BPS Records Yogyakarta as Poorest Province in Java

    TEMPO.CO, Yogyakarta – The Special Region of Yogyakarta (DIY) government responded to data released by Statistics Indonesia (BPS) stating that the region is the poorest province on the island of Java. BPS reported that as of September 2022, as many as 463,630 people in DIY, which equals 11.49 percent of the province’s total population, are living below the poverty line. The number increased compared to the number recorded in March 2022, which was 457,760 people.

    This fact is quite surprising considering that Yogyakarta, which is divided into five regencies/cities, is almost never empty of tourists.

    “There is an anomaly in the poverty rate in DIY, there are special characteristics that distinguish DIY from other regions,” said Head of the DIY Regional Planning and Development Agency (Bappeda) Benny Suharsono on Friday, January 20, 2023.

    According to Benny, this anomaly can be seen when compared with the region’s Human Development Index (IPM), which is actually the second highest in Indonesia. HDI is an indicator that describes the quality of human life calculated from several factors including health, education, and per capita spending.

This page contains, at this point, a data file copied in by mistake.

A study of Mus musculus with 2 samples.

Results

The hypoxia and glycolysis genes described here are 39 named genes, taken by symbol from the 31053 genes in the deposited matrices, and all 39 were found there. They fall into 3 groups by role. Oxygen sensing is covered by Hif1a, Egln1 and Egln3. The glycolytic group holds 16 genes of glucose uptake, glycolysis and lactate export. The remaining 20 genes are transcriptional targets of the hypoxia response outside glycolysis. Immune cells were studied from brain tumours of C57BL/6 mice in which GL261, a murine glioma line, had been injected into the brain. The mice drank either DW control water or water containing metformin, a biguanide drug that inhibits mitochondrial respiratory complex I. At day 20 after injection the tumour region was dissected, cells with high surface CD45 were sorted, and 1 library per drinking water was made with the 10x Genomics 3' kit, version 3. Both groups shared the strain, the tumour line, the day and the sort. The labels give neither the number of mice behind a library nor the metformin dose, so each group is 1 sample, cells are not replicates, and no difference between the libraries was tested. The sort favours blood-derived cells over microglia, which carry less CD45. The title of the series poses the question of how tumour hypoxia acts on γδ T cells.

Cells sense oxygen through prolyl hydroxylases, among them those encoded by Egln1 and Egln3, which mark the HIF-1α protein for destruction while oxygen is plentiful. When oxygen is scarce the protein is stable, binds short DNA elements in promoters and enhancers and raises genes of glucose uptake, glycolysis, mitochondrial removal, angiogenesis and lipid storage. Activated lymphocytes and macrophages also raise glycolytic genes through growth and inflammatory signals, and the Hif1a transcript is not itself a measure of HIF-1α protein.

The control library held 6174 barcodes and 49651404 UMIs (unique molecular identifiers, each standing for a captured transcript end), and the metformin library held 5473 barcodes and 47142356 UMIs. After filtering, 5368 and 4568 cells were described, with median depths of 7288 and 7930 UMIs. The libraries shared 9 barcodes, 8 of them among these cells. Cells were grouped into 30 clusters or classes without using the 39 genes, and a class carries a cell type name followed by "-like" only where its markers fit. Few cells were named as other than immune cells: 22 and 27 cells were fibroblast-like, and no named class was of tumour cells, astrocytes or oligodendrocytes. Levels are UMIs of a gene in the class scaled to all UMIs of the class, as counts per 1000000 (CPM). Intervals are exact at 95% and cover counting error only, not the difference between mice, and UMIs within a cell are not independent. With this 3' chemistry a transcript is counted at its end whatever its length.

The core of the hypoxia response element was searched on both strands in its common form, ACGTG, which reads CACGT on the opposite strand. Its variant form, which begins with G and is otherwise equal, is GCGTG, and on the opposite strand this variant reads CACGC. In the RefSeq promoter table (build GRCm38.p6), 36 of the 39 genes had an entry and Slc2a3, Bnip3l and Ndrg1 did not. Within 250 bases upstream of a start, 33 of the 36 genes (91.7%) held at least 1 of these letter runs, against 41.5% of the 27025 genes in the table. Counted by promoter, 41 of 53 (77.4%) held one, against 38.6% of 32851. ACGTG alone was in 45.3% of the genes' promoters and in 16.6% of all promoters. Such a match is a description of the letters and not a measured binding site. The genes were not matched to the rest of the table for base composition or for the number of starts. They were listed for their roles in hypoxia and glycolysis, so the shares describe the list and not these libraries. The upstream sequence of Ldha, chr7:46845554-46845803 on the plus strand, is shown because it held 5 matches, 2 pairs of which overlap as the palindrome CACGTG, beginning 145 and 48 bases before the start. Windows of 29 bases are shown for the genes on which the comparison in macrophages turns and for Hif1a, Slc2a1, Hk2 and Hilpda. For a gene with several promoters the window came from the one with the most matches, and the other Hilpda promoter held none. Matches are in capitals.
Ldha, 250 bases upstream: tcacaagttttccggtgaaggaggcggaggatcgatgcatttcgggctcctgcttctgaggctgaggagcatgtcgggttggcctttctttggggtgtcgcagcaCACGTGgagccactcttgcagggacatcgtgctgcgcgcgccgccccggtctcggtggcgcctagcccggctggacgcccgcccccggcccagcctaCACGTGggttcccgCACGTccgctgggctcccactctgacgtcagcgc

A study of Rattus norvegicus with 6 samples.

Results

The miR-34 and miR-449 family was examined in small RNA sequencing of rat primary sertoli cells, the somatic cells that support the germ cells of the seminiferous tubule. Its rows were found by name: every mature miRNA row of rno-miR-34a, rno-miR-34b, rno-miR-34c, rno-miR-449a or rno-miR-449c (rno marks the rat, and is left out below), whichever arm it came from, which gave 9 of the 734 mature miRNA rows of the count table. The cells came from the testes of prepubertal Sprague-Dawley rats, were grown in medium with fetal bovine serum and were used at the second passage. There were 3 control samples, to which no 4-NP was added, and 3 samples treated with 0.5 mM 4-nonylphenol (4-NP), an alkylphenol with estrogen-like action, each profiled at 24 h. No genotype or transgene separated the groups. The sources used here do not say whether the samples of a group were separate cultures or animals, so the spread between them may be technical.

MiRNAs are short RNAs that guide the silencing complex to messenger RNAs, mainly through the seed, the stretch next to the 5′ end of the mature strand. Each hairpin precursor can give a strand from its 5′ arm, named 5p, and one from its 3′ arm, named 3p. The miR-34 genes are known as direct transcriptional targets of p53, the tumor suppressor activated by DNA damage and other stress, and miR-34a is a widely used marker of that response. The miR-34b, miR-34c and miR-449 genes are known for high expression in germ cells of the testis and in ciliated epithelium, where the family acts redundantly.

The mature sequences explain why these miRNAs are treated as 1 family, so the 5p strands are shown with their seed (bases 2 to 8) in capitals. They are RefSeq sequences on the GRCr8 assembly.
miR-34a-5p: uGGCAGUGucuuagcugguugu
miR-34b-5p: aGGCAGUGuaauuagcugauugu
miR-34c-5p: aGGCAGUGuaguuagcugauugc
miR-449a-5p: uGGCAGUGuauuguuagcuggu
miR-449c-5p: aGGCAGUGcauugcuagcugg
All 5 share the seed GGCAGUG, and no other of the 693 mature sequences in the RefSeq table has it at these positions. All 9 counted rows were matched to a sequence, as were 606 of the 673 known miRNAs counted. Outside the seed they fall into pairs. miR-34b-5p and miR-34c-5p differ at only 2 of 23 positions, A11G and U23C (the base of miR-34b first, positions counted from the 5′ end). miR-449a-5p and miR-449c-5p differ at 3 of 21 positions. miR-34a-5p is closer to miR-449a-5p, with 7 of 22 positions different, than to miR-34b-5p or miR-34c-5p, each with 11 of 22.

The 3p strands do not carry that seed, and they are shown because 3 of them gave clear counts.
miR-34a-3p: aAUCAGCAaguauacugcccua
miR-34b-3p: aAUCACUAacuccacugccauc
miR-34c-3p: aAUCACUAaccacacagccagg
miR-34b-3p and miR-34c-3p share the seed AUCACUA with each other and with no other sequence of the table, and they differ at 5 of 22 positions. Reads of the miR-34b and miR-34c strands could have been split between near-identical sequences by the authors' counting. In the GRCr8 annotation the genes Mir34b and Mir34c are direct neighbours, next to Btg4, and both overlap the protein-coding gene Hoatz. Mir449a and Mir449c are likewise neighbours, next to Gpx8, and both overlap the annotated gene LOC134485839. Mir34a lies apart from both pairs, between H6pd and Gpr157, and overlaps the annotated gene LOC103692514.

“In terms of health, DIY has the highest life expectancy in Indonesia as it reaches 75.08 years,” said Benny, adding that people with high life expectancy could be met in Kulon Progo Regency, which has the largest poor population besides Gunungkidul.

    “And the most interesting thing, judging from spending per capita, DIY is the second highest after Jakarta, which is 14.48 million, where Jakarta hits 18.92 million,” Benny outlined.

    DIY was considered the poorest province because of the low amount of spending on basic food needs. People in DIY, especially in villages, are categorized as poverty-stricken. Some get staple food from their own crops, meaning that they do not need to spend money to meet daily needs.

    “People in rural DIY prefer investment,” Benny added. “This investment is not in the form of money but livestock, plants, and other goods which at any time can be used as funds to finance their children’s education.”

    The Yogyakarta provincial government will therefore encourage its people to increase its per capita expenditure. From the BPS data, Benny concluded that the benchmark for poverty is not only seen from the amount of spending or the level of public consumption.